Communities Prioritize Girls’ Education

The article, “Invest in girls’ education to break cycle of poverty,” highlights the need for ongoing discussions and innovations to ensure that girls not only attend school, but also stay in school and receive a quality education. A meeting in New Delhi between UNICEF officials and editors in India focused on the fact that in India, 4.5 million girls are not enrolled in school. Rather than discuss failed attempts to improve female education, they shifted the discussion towards innovations in education that are improving girls’ access to school. They discussed community-driven solutions, such as free buses, that provide safe transportation to school for girls.

Like the talks in India, which focused on successful community driven projects, girls’ education in Guinea is improving due to mothers community groups. The article, “In Guinea, groups of mothers work together to keep girls in school,” provides insight into education in Guinea. Only 34% of girls in rural Guinea are enrolled in school and many young girls are forced to work to earn a living. As many of our blog posts have discussed, girls around the world do not attend school because of poverty, distance to school, shortages of teachers, violence, marriage and pregnancies. All of these challenges ring true in Guinea, as well.

To address the multitude of challenges facing girls in Guinea, UNICEF has partnered with mothers in villages to establish comités des mères des élèves filles or COMEFs. The COMEFs are associations of women that work to improve girls’ access to education. In addition to providing education for the girls, the mothers in the association receive training in community mobilization, negotiation and accounting. The associations work to ease parent’s fears about sending their daughters to school, they can address problems that arise in a school and they work with school and community leaders to make education a priority. The COMEFs provide multigenerational educational opportunities, as mothers learn new skills, which can generate income, and female children remain enrolled in school.

The COMEFs program, of course, is not a panacea for education reform, but it is one example of community driven programs that can greatly impact local education. This model, rather than depending on outside aid or increasing material resources by building schools, seeks to build local capacity by empowering mothers and educating their daughters.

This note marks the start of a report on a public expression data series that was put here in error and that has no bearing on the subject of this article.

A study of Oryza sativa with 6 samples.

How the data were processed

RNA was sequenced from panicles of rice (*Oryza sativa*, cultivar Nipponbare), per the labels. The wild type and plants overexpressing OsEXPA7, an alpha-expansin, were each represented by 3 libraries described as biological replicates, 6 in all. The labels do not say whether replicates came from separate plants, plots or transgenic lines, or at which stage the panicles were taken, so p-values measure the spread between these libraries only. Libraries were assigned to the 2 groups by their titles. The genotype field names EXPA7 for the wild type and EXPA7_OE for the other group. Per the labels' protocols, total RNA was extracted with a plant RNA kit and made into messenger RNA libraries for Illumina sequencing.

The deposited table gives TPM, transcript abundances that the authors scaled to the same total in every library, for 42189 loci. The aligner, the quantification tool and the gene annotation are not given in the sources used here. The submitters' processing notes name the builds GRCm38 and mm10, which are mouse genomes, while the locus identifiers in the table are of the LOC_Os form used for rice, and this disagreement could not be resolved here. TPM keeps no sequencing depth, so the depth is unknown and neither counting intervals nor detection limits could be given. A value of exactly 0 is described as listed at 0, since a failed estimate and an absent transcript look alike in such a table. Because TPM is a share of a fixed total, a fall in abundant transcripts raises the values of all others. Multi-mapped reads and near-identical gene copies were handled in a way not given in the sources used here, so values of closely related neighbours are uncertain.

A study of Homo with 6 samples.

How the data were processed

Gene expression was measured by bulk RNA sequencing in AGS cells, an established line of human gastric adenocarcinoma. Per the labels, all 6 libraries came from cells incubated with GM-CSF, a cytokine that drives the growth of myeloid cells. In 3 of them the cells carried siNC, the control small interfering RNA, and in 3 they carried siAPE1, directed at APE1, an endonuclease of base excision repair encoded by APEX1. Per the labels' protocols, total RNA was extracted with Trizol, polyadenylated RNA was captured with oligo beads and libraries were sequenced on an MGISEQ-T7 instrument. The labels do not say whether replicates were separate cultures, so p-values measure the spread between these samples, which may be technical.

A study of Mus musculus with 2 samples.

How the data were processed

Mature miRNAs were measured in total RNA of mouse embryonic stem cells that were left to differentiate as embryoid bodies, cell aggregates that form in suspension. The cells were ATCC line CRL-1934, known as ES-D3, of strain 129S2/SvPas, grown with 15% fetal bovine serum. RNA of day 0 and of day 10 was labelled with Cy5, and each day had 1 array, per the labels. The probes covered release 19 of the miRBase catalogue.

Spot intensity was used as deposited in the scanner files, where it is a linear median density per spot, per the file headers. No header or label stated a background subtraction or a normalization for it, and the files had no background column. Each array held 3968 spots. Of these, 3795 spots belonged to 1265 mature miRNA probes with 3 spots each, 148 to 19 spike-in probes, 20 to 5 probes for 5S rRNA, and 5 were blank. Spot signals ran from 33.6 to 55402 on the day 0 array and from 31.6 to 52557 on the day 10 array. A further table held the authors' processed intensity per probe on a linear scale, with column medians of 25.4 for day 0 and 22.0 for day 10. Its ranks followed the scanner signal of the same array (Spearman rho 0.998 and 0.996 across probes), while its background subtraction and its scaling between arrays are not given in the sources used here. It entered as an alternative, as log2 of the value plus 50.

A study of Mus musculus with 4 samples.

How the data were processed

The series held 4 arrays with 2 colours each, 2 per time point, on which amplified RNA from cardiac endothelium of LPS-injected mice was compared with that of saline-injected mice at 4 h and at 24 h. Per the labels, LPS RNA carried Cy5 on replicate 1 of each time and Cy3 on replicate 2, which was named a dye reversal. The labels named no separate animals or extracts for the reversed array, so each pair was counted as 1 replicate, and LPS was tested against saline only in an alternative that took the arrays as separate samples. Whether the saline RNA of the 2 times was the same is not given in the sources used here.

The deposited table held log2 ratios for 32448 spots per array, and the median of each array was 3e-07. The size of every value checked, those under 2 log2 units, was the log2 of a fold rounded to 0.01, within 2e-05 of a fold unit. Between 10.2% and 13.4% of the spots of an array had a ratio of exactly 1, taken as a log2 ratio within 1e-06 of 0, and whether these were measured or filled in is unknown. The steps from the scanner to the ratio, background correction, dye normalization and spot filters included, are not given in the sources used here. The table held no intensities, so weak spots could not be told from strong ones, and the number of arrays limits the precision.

Similarly, a UNICEF article highlighted a small group of committed villagers in Sangbast, Afghanistan, a community in western Afghanistan, who worked together to improve the educational outcomes of the girl children in their community. After a village elder donated land, the community constructed an all-girls school in the center of the village. By providing a local solution, the majority of the girls in the village are enrolled in school. While not every village has the money to construct a new school, this project highlights the benefits of utilizing local knowledge, resources and commitment to drive projects.

As I was reading the article, I questioned whether or not the school would have been as successful if it had been organized and built by foreigners. In this case, it seems that the community’s trust in local leaders allowed families to be comfortable with sending their daughters to a new school. Because there are many cultural practices and beliefs that contribute to low female enrollment in school, it is important that community schools respect and reflect the local cultural context.

Each of these articles highlights programs that are community driven. In development, we tend to look for solutions that can be implemented on a larger scale. While there are many benefits to scaling-up projects, it is also important for us to celebrate the small successes. As Dave mentioned in his post, Unrealistic Expectations, education reform is “is a supremely complex issue that requires systemic change across a broad range of issues, governments, cultures, and peoples.” In order for improvements to occur across, we must think globally, but focus our work locally. If we can shift our focus away from making huge changes for everyone, we might be able to implement strong, successful community programs that can greatly improve educational access in one village, town or neighborhood.

Sources:

The Indian Express (2013, November 8). Invest in girl’s education to break cycle of poverty: UNICEF. Retrieved from http://www.indianexpress.com/news/invest-in-girls-education-to-break-cycle-of-poverty-unicef/1192505/1

La Rose, T., Shimizu, I., & Havyarimana, G., (2013, November 5). In Guinea, groups of mothers work together to keep girls in school. UNICEF. Retrieved from http://www.unicef.org/infobycountry/guinea_70811.html.

Madhok, R., (2013, October 8). An Afghan community comes together to ensure girls’ education. UNICEF. Retrieved from http://www.unicef.org/infobycountry/afghanistan_70611.html.